Tibetan Buddhist monks create a slice of world peace in Colorado Springs, one grain of sand at a time


Pleasant, intriguing humming produced by thin metal funnels painstakingly being rubbed together at the hands of Tibetan Buddhist monks, who this week are creating a sand mandala in Colorado Springs, reaches deep into the human core, leaving solace and beauty behind.
Just what the world needs, says Geshe Khenrap Chaeden.
The Dalai Lama-ordained Buddhist teacher leads the 2023-24 Drepung Gomang Sacred Arts Tour Group, which is in town to build the ancient art form, teach people about Buddhism, and share customs of food and fellowship.
“Peace is important. It’s all people’s responsibility to come together in love for peace and happiness,” Chaeden said Wednesday.
Ten months after arriving in the United States, seven monks from the Drepung Gomang Monastery have made their 35th stopover at Unity Spiritual Center In the Rockies.
The monastery has been located in India since the Buddhist monks were exiled from Tibet in 1959 by the Chinese Communist Party. The religious community of refugees has 2,300 people today, who rely on the caravanning monks’ fundraising efforts to live.
The monks are creating an Interfaith World Peace Mandala in the spiritual center’s sanctuary at 1945 Mesa Road, where the public can view the process from 10 a.m. to 4 p.m. daily.
Dressed in traditional burgundy and yellow robes, monks remove their shoes, pull up cushions to sit on, pick up their funnels and deposit colored grains of sand in an intricate circular pattern on a 5-foot-by-5-foot wooden board on the floor.
The geometric Interfaith World Peace image presents graphics from 12 religions that flank the innermost circle of a globe encasing a dove of peace.
The next ring speaks of the four elements in nature and the four seasons, followed by a circle of the eight symbols of Buddhism. Lastly, a multi-colored ring depicts how the world shines as everyone comes together in peace, Chaeden explains.
The buzzing vibration emitted during the method used to fashion the temporary work of art is the antithesis of the irritating cicada.
Instead of setting teeth on edge, the soothing high-pitched rhythm of the monks’ dedication to the ancient craft balances the mind and body.
“It’s so meditating, calming and centering,” said the Rev. Dr. Ahriana Platten, interim minister of Unity Spiritual Center In the Rockies. “That sound clears your mind and brings you to a place of comfort and ease.”
The monks pray constantly as they set about the centuries-old work of constructing the mandala, which means “world in harmony” in Sanskrit.
The art also is intended to serve as a visual prayer that encourages healing, peace, purification and spiritual focus for creators and onlookers.
Of special significance is that each granule of sand that forms the predetermined pattern represents a tear shed by people affected by violence. Blending the sand with tools embodies unity, nonviolence and compassion.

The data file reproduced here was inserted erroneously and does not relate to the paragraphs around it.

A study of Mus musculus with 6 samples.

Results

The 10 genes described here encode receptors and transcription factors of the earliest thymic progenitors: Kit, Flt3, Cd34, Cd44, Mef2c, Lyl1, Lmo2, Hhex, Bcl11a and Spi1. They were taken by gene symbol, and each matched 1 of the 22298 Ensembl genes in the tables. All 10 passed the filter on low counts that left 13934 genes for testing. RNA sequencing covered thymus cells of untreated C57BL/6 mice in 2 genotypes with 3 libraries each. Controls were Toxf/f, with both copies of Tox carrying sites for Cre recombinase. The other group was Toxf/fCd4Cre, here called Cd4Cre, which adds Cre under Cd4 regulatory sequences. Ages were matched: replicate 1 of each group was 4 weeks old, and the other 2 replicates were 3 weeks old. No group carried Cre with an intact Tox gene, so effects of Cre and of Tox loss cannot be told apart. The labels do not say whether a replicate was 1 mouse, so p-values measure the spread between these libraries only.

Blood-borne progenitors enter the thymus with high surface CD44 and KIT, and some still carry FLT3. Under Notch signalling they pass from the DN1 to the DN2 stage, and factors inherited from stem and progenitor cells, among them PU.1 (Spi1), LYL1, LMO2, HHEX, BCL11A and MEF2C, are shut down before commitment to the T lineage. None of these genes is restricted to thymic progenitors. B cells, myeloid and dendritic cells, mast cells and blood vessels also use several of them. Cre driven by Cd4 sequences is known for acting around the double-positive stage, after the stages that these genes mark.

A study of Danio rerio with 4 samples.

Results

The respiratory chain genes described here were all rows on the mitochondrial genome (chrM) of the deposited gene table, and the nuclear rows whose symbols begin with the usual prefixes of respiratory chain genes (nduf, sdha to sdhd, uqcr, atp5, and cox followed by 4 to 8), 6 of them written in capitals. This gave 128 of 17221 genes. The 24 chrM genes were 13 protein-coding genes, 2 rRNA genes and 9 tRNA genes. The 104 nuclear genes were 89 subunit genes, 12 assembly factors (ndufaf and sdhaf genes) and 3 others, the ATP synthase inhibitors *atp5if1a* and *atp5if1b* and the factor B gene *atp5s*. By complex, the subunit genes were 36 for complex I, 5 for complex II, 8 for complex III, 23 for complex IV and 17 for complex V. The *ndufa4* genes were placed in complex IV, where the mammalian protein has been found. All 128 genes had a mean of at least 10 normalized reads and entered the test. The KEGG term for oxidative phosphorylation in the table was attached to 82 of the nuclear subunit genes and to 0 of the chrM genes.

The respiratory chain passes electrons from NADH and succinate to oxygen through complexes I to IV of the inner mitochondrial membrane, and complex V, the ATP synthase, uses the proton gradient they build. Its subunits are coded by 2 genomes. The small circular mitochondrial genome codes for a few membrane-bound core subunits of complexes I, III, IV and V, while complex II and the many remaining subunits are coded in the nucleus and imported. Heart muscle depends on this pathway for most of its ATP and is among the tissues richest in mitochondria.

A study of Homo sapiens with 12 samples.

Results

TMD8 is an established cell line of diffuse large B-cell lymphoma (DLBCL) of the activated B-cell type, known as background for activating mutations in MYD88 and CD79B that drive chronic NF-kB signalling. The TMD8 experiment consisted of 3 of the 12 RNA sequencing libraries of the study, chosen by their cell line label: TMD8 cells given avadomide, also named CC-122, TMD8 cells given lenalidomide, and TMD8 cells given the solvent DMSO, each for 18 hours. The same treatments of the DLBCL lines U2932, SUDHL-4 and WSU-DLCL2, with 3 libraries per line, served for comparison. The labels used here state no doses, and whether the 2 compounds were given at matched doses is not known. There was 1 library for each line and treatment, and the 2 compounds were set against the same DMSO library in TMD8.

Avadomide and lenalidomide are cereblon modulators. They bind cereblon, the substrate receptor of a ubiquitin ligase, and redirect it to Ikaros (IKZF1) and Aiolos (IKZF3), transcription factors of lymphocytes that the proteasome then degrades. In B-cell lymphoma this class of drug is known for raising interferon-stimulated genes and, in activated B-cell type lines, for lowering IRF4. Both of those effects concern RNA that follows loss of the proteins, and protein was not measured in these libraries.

“To have in our city this world prayer for harmony amongst all religions at a time when there’s so much religious tension around the world is wonderful,” Platten said. “The work happens over a week here but the impact, the prayer and the blessings carry forward.”
A sand mandala is destroyed after its completion to signify the impermanence of existence and in keeping with the Buddhist doctrinal belief in the transitory nature of material life.
A public “dissolve the mandala” ceremony will happen at 11 a.m. Saturday. From 10 a.m. to 11 a.m., the public can view the completed mandala before the ritualistic destruction.
Then, the sand will be swept in circles and poured into water, which is said to disperse the mandala’s healing energies throughout the world.
Each attendee will receive a small packet of the sand to release in their gardens, and a caravan led by the monks to a moving body of water to distribute the remaining sand also is scheduled.
At 2 p.m. Saturday, participants will reconvene at Unity Spiritual Center for a Tibetan Cultural Pageant, an event for children and adults with costumed snow lions, dancers, music and singing.
The monks will attend Sunday’s 10 a.m. religious service at the spiritual center before they take off for their next destination, Kansas City, where they repeat the schedule.
This is the first time the monks have returned to Colorado Springs since 2018.
Platten expects up to 1,000 people to participate in the week’s activities.
For Michael K., who watched the mandala construction on Wednesday, the event has become a spiritual discipline.
“It’s a meditative practice, watching them in their meditation,” he said. “What they’re doing is not just beautiful but meditative also, and I love visiting this holy place, too.”
The monks also sell wares the monks have made — such as bracelets, necklaces, wall hangings, purses and other goods — and accept donations that they forward to the monastery to pay for the refugees’ living expenses and operational costs.